The United States is known as a melting pot – a country of people from every corner of the world.
Cultural diversity is the most common measure of diversity. Six races are officially recognized in the United States: White, American Indian and Alaska Native, Asian, Black or African American, Native Hawaiian and Other Pacific Islander. The U.S. Census Bureau also classifies Americans as "Hispanic or Latino" and "Not Hispanic or Latino." A "person of color" is used in the United States to describe anyone who is not white. People of color, unfortunately, share the common experience of racism.
Although most of the United States population is white, the country is increasingly becoming more racially and ethnically diverse. The Hispanic population, for example, is expected to comprise one-quarter of the population by 2050. The U.S. Census Bureau predicts that by 2044, the U.S. will no longer have a single ethnic majority.
As of 2019, the U.S. Census Bureau estimates the U.S. population to be: 60.1% non-Hispanic white; 18.5% Hispanic and Latino; 13.4% Black or African American; 5.9% Asian; 2.8% two or more races; 1.3% Native Americans and Alaska Natives; 0.2% Native Hawaiians and Other Pacific Islanders.
Some U.S. states promote diversity more than others. Contemporary immigrants often settle in seven states: California, New York, Florida, Texas, Pennsylvania, New Jersey, and Illinois. About 70% of the immigrant population lives in one of these seven states. Wallethub analyzed each state's diversity level by evaluating and ranking six diversity categories: socioeconomic, cultural, economic, household, religious, and political. A state's diversity score is each state's weighted average across all metrics. A score of 100 represents the most diverse state.
California is the most diverse U.S. state, with a score of 70.75. California ranks first for Cultural Diversity, having the highest linguistic diversity and the second-highest racial and ethnic diversity. California also ranks third for Socioeconomic Diversity, fifth for Household Diversity, and eighth for Political Diversity. California has the largest Hispanic population of any state, with over 15 million.
Texas is the second-most diverse state. With a score of 70.02, Texas ranks fourth for Cultural Diversity and sixth for Religious Diversity. Texas has the third-highest linguistic diversity and the fourth-highest racial and ethnic diversity. Texas has the second-highest Hispanic and Latino population in the U.S. of almost 11.2 million and the highest Black population of over 3.9 million. Texas also has the highest household diversity.
Hawaii is the country's third-most diverse state. Hawaii's overall score is 69.71 out of 100. It ranks third for Cultural Diversity and fourth for Economic Diversity. Hawaii is the most racially and ethnically diverse state in the U.S., with about 38.6% of the population being Asian, 24.7% white, 10% Native Hawaiian or other Pacific Islander, 1.6% Black, 0.3% American Indian and Alaska Native, and 23.6% being multi-ethnic. Hawaii is the least-white U.S. state.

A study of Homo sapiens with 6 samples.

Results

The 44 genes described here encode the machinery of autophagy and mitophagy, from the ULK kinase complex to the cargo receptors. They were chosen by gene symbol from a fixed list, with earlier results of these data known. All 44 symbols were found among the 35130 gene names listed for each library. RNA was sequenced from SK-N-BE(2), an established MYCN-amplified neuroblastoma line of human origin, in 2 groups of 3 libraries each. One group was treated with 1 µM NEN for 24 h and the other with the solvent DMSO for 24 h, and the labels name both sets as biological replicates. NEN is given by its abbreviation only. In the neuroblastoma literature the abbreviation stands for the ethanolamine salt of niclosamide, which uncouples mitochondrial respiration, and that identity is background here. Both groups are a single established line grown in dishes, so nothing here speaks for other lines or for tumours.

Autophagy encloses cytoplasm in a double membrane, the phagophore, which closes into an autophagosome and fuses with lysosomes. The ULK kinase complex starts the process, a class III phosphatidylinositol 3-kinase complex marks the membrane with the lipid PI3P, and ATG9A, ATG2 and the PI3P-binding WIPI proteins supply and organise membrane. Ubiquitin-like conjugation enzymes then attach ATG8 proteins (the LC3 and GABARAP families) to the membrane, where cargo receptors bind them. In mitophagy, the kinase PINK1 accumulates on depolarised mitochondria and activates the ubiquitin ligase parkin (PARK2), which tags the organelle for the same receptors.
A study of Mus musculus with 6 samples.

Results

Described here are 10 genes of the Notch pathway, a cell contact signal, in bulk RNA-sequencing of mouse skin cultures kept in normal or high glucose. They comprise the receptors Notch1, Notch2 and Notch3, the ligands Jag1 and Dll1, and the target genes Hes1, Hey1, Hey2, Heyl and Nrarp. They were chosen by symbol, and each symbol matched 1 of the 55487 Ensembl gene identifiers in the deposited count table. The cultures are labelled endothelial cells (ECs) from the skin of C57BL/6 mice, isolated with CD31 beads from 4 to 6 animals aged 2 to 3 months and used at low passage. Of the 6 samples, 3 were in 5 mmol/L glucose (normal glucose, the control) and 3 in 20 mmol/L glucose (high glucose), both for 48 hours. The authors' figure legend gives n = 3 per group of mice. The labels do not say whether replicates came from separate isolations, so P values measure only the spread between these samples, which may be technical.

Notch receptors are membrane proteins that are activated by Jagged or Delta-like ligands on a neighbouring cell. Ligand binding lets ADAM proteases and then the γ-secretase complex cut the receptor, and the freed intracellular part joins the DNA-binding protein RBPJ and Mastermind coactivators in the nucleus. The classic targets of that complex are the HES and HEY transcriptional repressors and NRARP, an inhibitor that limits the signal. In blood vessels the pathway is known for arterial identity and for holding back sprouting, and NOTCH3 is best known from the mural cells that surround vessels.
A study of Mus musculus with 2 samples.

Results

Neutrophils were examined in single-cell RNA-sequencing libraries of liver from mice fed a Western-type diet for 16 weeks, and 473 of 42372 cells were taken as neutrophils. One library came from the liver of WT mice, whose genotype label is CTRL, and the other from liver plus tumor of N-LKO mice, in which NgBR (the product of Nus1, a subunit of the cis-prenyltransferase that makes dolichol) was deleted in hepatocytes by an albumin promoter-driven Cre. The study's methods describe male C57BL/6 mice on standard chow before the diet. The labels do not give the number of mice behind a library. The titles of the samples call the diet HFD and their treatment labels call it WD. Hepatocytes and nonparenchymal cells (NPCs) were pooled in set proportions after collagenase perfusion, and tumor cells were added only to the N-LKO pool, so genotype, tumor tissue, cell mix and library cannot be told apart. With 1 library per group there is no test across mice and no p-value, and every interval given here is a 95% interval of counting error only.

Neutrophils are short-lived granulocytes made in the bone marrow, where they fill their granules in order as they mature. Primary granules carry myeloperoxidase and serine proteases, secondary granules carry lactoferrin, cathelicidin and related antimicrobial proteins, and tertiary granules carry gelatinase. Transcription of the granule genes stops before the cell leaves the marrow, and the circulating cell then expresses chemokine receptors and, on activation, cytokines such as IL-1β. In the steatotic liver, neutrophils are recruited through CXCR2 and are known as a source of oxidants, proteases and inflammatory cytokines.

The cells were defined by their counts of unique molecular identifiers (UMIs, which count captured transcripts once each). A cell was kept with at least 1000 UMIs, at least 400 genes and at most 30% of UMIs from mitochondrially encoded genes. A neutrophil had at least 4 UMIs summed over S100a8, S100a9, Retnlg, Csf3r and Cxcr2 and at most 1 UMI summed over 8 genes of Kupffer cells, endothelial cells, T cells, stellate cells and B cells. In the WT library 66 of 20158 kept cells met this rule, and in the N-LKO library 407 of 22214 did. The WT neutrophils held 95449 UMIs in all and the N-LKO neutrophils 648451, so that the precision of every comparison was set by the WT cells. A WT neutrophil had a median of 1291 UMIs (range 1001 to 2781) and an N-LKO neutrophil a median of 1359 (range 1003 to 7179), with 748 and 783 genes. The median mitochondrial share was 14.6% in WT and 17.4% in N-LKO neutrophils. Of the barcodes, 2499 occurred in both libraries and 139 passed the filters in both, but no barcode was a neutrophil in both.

New Jersey comes in fourth for the most diverse U.S. states. New Jersey ranks fifth for Socioeconomic Diversity, seventh for Cultural Diversity, and fourth for Political Diversity. New Jersey has the fifth-highest educational-attainment diversity and the fourth-highest linguistic diversity. About 30.7% of New Jersey's population over the age of 5 speak a language other than English at home. The most common are Spanish, Chinese, and Portuguese.
Coming in as the fifth-most diverse state is New York. New York ranks eighth for Socioeconomic Diversity and Cultural Diversity and sixth for Household Diversity and Political Diversity. New York has the third-most education-attainment diversity, the fifth-most household-type diversity, and the fifth-most linguistic diversity.
With a score of 58.40, West Virginia is the least diverse state in the U.S. West Virginia ranks 50 for Socioeconomic Diversity and Cultural Diversity. West Virginia is the least-linguistically diverse state and the second-least diverse for income diversity and educational-attainment diversity. West Virginia is also the third-least racially and ethnically diverse state, with 93.5% of its residents identifying as white.
Maine is the second-least diverse state. Its score is 58.59, and it ranks 49th for Cultural Diversity and 50th for Religious Diversity. Maine is the whitest state in the U.S., with 94.4% of its population being white. This makes Maine the least racially and ethnically diverse state. Additionally, the state has one of the lowest levels of industry diversity and household-size diversity.
Vermont is the third-least diverse U.S. state, ranking 48th for Cultural Diversity and 47th for Religious Diversity. Just second to Maine, Vermont is among the least racially and ethnically diverse states, with a population that is 94.2% white. Vermont also has the second-lowest level of industry diversity.
New Hampshire is the country's fourth-least diverse state. It ranks 47 for Cultural Diversity, 46th for Religious Diversity, and 42nd for Household Diversity. New Hampshire makes up for its lack of diversity in most categories by ranking ninth for Socioeconomic Diversity. As the fourth-least racially and ethnically diverse state, New Hampshire is 93.1% white.
Despite ranking third for Economic Diversity, Montana is the fifth-least diverse state in the United States. Montana ranks 46th for Household Diversity, 44th for Cultural Diversity, and 42nd for Socioeconomic Diversity and Political Diversity. Montana is the 10th-whitest state in the U.S., with 88.9% of its population identifying as white. Montana is also the third-least linguistically diverse state and has the fifth-lowest household-type diversity.